Increasing student enrolment would kill DB for no good reason
USS’s much criticised Test 1 has the following further surprising upshot: increased hiring owing to increased revenue from expanding student numbers would force the closure of DB for no good reason by gratuitously triggering an expensive shift of the pension fund’s portfolio from growth assets to low-return bonds.
Here’s why. According to Test 1, it must be affordable, via a 7% increase in employer contributions over two decades, for USS to purchase a low-return, bond-weighted “self-sufficiency” portfolio that provides the same absolute level of returns as the growth portfolio that would be sold in exchange for this self-sufficiency portfolio.
More precisely, USS calculates the absolute amount of extra cash that would be generated from a 7% increase in contributions (i.e., from 18% to 25% of salaries) this year. USS then assumes that this amount will grow each year in real terms (CPI) over the next 40 years. It then adds up the extra cash generated, on this assumption, by a 7% increase during years 20–40. According to their calculations, this adds up to £13 bn.
According to Test 1, the gap, in 20 years’ time, between the value of USS’s actual portfolio and an equivalent self-sufficiency portfolio must be no greater than £13 bn. USS has actually applied an extra layer of prudence and adjusted this downward to £10 bn.
This requirement makes no allowance for growth in the sector that might arise from expanding student numbers. Suppose that, as the result of successful efforts to widen participation in USS’s pre-92 universities, student numbers double over the next twenty years, as does the number of university employees who are USS members. Other things equal, this would double the amount of extra revenue which could be generated via a 7% increase in contributions. But Test 1 makes no allowance for this. Rather, the more the pre-92 sector grows, the greater the Test 1 demand to shift the portfolio from growth assets to bonds as it shoehorns a growing pension fund into the absolute confines of £10 bn. This would make DB prohibitively expensive and force its closure for no good reason. There would be no good reason, since an expansion in staff supported by an expansion in student numbers does not make a pension scheme more risky, less affordable, and less sustainable. Even if such expansion adds a certain amount of risk to the scheme, it does not do so to the extent that an inflexible Test 1 implies, on account of its insensitivity to growth in the number of employees in the scheme. It does not present such strong reason to shift from growth assets to bonds.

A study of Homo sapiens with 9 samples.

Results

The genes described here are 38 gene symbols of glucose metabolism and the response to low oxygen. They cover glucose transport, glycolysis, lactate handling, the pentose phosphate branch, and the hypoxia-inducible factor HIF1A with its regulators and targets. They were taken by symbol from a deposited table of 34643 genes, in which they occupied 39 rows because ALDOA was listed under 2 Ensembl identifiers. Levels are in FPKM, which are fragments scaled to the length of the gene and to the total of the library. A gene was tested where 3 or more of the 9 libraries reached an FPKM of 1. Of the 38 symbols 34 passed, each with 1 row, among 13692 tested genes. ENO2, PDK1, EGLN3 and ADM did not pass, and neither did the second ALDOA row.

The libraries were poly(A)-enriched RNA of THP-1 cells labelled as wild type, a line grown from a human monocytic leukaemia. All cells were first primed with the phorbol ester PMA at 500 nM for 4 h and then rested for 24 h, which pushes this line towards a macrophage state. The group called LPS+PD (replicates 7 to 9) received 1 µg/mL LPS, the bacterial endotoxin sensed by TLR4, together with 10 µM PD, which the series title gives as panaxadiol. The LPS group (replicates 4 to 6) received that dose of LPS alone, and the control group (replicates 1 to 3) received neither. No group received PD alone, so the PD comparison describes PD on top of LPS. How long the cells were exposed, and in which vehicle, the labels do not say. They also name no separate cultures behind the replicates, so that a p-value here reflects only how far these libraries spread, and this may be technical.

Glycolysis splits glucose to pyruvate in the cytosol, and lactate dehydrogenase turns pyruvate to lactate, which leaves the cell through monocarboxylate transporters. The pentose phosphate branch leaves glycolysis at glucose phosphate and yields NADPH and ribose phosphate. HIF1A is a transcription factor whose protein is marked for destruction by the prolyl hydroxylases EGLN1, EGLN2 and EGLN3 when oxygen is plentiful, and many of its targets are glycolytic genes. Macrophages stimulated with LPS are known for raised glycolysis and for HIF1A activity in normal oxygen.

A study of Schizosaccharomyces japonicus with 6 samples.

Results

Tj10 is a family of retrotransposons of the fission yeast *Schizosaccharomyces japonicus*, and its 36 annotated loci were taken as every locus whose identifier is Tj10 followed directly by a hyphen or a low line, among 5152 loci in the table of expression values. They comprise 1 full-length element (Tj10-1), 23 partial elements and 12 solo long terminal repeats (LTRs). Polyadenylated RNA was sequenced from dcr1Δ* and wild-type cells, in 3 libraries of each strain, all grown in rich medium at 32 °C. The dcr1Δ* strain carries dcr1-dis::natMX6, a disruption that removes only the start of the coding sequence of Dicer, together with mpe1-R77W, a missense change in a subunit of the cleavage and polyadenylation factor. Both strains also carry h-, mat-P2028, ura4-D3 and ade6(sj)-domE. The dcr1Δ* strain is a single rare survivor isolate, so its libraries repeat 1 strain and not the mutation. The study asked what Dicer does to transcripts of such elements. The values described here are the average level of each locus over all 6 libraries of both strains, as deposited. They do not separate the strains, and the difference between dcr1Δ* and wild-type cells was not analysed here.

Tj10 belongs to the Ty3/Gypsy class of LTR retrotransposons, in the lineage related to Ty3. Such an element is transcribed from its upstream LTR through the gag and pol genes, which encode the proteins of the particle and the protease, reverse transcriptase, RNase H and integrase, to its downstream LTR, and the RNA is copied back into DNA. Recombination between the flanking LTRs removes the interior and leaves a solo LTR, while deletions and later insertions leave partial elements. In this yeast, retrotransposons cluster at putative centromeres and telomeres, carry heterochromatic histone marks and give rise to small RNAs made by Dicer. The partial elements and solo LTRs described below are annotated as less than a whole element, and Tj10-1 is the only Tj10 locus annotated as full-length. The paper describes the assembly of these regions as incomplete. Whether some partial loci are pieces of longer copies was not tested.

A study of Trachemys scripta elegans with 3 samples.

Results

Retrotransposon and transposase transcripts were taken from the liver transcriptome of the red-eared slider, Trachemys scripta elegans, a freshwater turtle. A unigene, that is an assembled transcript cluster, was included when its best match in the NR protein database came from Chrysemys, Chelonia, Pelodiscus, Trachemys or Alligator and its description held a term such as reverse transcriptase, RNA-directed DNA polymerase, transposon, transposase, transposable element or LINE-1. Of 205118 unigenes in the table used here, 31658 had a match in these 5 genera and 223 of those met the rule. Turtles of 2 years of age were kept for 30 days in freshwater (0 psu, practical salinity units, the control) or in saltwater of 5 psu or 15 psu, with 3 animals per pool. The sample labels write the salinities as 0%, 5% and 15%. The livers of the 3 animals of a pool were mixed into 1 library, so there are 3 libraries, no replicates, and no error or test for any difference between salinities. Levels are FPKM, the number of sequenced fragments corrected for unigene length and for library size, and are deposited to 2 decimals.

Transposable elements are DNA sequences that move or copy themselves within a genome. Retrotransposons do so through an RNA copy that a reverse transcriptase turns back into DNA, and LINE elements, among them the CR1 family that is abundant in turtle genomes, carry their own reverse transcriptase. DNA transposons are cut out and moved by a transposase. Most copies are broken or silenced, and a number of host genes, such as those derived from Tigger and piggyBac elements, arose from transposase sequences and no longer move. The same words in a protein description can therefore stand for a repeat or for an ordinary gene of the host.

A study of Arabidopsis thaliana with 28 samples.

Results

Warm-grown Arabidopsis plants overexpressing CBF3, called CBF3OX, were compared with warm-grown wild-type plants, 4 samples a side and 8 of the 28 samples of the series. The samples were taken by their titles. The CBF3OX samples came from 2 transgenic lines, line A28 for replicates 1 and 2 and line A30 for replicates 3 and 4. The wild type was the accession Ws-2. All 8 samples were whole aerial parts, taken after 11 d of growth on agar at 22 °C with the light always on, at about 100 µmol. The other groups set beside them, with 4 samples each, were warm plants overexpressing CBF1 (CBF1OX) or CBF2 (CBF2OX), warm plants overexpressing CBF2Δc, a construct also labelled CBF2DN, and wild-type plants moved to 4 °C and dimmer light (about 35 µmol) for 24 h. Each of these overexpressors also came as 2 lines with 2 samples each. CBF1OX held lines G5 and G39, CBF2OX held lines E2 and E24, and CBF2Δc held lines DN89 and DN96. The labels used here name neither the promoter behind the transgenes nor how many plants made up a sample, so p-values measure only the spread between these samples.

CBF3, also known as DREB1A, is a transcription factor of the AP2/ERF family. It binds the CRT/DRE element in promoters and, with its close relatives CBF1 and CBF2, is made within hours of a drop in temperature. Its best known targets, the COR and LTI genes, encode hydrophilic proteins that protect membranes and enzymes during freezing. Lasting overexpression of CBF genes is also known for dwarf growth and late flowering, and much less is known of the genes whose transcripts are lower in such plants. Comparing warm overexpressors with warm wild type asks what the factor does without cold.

Please give Professor Susan Cooper, Oxford’s former UCU pensions representative, credit for drawing a closely related problem with Test 1 to my attention. In private correspondence, she noted the following:
Test 1 REALLY condemns DB because the offset allowed to self-sufficiency only grows with CPI, whereas the size of the fund grows [additively] with all the contributions, at least until USS is old enough that members are dying at the same rate as new members joining. So if all else were to stay the same, the distance to self-sufficiency would grow in proportion to the total size. This means Test 1 will put an increasingly tougher limit, eventually dooming DB even if we get by this valuation round. And they are actually proposing to make Test 1 worse, keeping the limit at £13bn but introducing £10bn as the target!
Note that Cooper’s comment remains valid even if we do not assume increased hiring due to an increase in student numbers. She merely speaks of the effects of the maturing of the scheme over time, without assuming any sector expansion.